Paul English and Biz Stone (pictured) have several things in common. These Massachusetts entrepreneurs are co-founders of prominent Internet technology companies – Kayak and Twitter, respectively. Each company has raised hundreds of millions in venture capital. Each is one of the most popular sites on the web in its class. Each is dancing with behemoths – Facebook and Google. And each founder was a student at the University of Massachusetts Boston. But that is where the similarities end. Both took very different paths to where they are today.

English achieved a masters degree in computer science from the University of Massachusetts Boston. He worked during college, doing programming for a bunch of companies, and even some video game software and sound-effect development.

Prior to Kayak, he co-founded several startups, including Boston Light Software, a small business e-commerce platform that was sold to Intuit. At Intuit, Paul became Vice President of technology and led small business Internet and product strategy, company-wide innovation process, and tech recruiting.

Stone lasted only a year at the University of Massachusetts Boston, on a theater arts scholarship. While working during college as a stock boy at a publishing company, he secretly designed a book cover and stuck it into a pile of outgoing designs when everyone was at lunch. When the client chose his design, Stone was made a designer and dropped out of college.

A friend pitched Stone on an idea for a new company called Xanga, a blogging site which they launched together. After moving to Los Angeles and returning to Boston, he was invited back to Mountain View to work at Google on Blogger, then left to set up Odeo, Twitter’s precursor.

Neither English nor Stone was initially motivated to go to college, but English stuck with it. Kayak’s market value is currently estimated to be $802,000,000. Twitter’s is $7,700,000,000. Both companies have a similiar amount of estimated revenue, about $150,000,000. While the story of these companies is far from over, which of these UMass Boston entrepreneurs appears to have made the right decision?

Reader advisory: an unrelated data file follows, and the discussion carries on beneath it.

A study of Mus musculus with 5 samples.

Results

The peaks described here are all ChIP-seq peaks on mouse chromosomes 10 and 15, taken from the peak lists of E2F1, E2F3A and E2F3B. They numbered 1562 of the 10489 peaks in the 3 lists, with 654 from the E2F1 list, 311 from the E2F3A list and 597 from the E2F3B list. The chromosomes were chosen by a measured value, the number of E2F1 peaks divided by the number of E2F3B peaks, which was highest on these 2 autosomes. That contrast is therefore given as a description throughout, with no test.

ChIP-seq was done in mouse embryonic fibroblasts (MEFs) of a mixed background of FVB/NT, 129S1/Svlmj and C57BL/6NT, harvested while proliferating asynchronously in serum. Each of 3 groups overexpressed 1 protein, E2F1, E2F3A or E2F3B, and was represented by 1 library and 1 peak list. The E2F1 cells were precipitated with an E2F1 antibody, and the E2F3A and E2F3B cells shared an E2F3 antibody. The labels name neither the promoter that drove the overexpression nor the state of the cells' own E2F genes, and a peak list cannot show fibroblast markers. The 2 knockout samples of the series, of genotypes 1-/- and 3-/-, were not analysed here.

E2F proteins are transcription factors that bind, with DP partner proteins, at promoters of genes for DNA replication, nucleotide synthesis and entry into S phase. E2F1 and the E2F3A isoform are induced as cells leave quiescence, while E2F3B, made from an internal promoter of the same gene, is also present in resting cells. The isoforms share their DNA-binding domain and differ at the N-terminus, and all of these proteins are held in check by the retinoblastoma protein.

Seth Priebatsch, a Princeton drop-out and founder of SCVNGR, says:

“The term “drop-out” has very negative connotations and, I suppose, with good reason. Most people probably shouldn’t drop out of school, but for that small percentage of us out there who have a great idea burning up inside, dropping out is not just a good idea, it’s the right choice.”

Statistically speaking, though, entrepreneurs are more likely to be successful if they graduate from college than if they don’t. A survey of chief executive officers and product development heads at more than 500 high-tech companies showed that “education provides an advantage in tech entrepreneurship.” Specifically, the companies founded by college graduates had twice the sales and employment of the companies founded by people who didn’t go to college. Moreover, better-educated entrepreneurs are more likely to receive external financing.

Jason Baptiste, the CEO/Co-Founder of Onswipe, cautions budding entrepreneurs to ignore the sensationalist stories like Biz’s and the success that seems like it came overnight.

“It’s all difficult whether you are in college or not. It takes a lot of hard work and there’s a chance you will fail.”

If for some reason, something takes off, then consider going full time with it, Baptiste says. You could “stop out,” the equivalent of taking a sabbatical to focus on the company to see it through to an exit or failure. After that point, you can go back to school and finish what you started.

“This is what I did with my first real startup and I still think it was the right move. Sadly, things ended up failing, and I returned to school to finish what I started.”

(Republished on Wednesday, March 16, 2011 by Mass High Tech.)

The Venture Development Center is Boston’s leading startup incubator for technology and life science companies.